Large red letters command “NO DANCING” from afar. Closer examination reveals stories from community members, about how rules affect their lives, particularly those receiving a disproportionate share of enforcement. Rebellious energy gives way to genuine contemplation of how rules shape our society.
Part of the goal of this work is to raise awareness of restorative justice as a component of racial justice. We hope people who enjoy this piece will join us in accepting this alternative theory of justice in pursuit of a more equitable society.
Over Ruled is a large red sign composed of 12’ fabric letters supported by a metal frame, readable from 3,600’ day and night. Triangular metal legs hold each letter 8’ aloft for visibility and passage underneath.
Block capitals resemble Gotham Black font, sewn from a single layer of ripstop nylon. The legs also hold perpendicular fabric panels, containing the text of impactful stories collected from the community.
Ground-mounted white spotlights evenly illuminate each letter, making them clearly visible in true color at night. Spotlights also cast enlarged shadows from participants onto the letters, so dancing crowds are sometimes visible on the letters.
Over Ruled features stories of imprisonment, termination, expulsion, and banishment, and the consequences that accrue disproportionately to people of color, reinforcing equity gaps. This is embedded within a piece which seems lighthearted at a distance, specifically to surprise participants when they approach.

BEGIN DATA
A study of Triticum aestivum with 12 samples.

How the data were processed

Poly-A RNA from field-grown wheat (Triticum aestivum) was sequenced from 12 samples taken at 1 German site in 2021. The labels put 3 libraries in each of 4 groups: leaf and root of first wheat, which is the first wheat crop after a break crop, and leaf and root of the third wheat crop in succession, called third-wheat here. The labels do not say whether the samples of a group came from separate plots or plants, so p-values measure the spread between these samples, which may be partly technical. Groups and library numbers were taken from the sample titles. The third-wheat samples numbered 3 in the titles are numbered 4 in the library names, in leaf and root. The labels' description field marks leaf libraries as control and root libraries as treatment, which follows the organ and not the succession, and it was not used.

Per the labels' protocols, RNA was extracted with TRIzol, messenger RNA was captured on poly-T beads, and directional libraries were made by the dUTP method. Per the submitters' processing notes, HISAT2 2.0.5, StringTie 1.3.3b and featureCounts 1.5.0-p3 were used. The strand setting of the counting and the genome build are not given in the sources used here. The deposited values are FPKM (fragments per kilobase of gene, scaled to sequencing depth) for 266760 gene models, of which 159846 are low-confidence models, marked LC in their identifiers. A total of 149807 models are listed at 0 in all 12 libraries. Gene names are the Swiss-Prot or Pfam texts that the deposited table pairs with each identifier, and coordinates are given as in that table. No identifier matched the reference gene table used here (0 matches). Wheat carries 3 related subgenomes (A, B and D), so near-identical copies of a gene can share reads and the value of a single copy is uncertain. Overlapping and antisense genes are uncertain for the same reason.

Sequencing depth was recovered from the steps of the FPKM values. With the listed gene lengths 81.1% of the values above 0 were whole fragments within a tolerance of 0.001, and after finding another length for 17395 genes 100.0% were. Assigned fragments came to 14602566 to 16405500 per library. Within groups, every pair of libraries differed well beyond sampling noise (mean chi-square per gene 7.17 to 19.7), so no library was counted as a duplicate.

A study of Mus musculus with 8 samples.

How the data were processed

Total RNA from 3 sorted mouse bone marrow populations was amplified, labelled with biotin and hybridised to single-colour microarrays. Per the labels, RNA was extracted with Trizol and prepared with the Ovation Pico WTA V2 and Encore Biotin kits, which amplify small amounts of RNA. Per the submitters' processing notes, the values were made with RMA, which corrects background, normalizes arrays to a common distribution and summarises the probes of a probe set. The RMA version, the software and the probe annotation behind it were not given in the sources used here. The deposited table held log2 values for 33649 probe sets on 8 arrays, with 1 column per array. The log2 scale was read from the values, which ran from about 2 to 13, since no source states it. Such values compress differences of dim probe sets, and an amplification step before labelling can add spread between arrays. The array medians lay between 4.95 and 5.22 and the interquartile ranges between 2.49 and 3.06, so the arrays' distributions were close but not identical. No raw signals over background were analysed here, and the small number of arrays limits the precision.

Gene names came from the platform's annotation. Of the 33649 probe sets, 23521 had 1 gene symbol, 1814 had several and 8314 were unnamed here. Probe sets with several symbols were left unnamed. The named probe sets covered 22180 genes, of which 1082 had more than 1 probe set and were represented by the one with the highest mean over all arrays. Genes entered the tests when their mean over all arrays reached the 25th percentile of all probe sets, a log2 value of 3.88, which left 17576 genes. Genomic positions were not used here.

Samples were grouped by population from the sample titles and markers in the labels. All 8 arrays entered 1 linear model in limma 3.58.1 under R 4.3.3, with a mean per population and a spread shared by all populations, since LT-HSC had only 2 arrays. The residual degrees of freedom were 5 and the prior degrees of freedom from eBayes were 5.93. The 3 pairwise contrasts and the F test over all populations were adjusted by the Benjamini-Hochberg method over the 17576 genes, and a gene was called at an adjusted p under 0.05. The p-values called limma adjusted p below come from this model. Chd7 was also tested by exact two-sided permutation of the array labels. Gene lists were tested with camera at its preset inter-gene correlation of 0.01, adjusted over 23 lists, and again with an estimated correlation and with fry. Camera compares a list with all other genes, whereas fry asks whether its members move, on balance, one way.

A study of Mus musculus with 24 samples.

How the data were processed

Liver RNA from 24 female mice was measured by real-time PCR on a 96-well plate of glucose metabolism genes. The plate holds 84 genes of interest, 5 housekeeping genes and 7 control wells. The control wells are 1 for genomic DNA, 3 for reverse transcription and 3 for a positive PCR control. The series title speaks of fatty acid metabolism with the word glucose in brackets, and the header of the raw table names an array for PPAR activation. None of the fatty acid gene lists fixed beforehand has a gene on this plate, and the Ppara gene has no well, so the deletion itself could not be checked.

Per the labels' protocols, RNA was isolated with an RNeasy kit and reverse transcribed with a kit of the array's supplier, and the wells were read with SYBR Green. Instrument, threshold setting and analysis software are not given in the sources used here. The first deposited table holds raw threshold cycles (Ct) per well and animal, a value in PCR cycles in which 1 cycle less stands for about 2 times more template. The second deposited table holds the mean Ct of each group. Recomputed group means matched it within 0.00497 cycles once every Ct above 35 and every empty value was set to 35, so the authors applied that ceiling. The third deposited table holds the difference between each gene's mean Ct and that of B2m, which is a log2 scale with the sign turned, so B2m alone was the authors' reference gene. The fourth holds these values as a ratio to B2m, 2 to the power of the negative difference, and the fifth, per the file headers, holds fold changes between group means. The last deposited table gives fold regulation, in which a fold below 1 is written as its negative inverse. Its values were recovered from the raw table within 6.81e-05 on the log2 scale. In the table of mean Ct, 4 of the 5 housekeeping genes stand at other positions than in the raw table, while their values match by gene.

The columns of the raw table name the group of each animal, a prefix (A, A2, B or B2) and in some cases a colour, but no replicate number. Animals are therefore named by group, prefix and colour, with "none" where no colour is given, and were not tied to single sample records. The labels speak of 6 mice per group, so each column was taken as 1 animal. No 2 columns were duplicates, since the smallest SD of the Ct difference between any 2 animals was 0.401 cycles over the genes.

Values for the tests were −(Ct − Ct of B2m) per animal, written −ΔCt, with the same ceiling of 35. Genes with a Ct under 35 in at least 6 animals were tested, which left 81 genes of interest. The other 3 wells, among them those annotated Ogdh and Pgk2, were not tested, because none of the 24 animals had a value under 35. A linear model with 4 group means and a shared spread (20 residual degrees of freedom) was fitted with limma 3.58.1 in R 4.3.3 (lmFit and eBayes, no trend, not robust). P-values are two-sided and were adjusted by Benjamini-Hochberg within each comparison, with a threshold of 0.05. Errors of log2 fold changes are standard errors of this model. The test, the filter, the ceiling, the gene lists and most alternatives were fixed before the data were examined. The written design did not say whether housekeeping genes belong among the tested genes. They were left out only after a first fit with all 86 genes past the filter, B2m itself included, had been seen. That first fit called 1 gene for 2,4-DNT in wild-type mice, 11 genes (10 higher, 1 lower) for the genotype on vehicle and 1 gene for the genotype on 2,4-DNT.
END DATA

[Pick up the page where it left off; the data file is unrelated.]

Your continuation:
We hope this twist ending provokes true contemplation, and openness to alternative theories of justice. Restorative justice is the foremost of these theories, which provides better outcomes for both individuals and communities–but it requires community support to be properly adopted, so popular acceptance is crucial for realizing the benefits.
When first approaching, the piece provokes participants to dance and laugh, propelled by the joy of breaking absurd rules. Art cars with large sound systems utilized the space for large dance parties, where the sign casts an ironic mood.
By night the space between the spotlights and letters becomes a stage of sorts. In this space, participants’ silhouettes will be cast onto the letters, making their movements highly visible, even from across the Playa. We hope these projections encourage folks to experiment with daring and unfamiliar dance moves.
Those who approach the lettering more closely will see the printed stories from the community about their run-ins with rules. Blank sheets of fabric in the support structure and chained Sharpies encourage participants to add their own stories.
To read more about Cody and his story, see Burning Man Journal article: The Upward Spiral.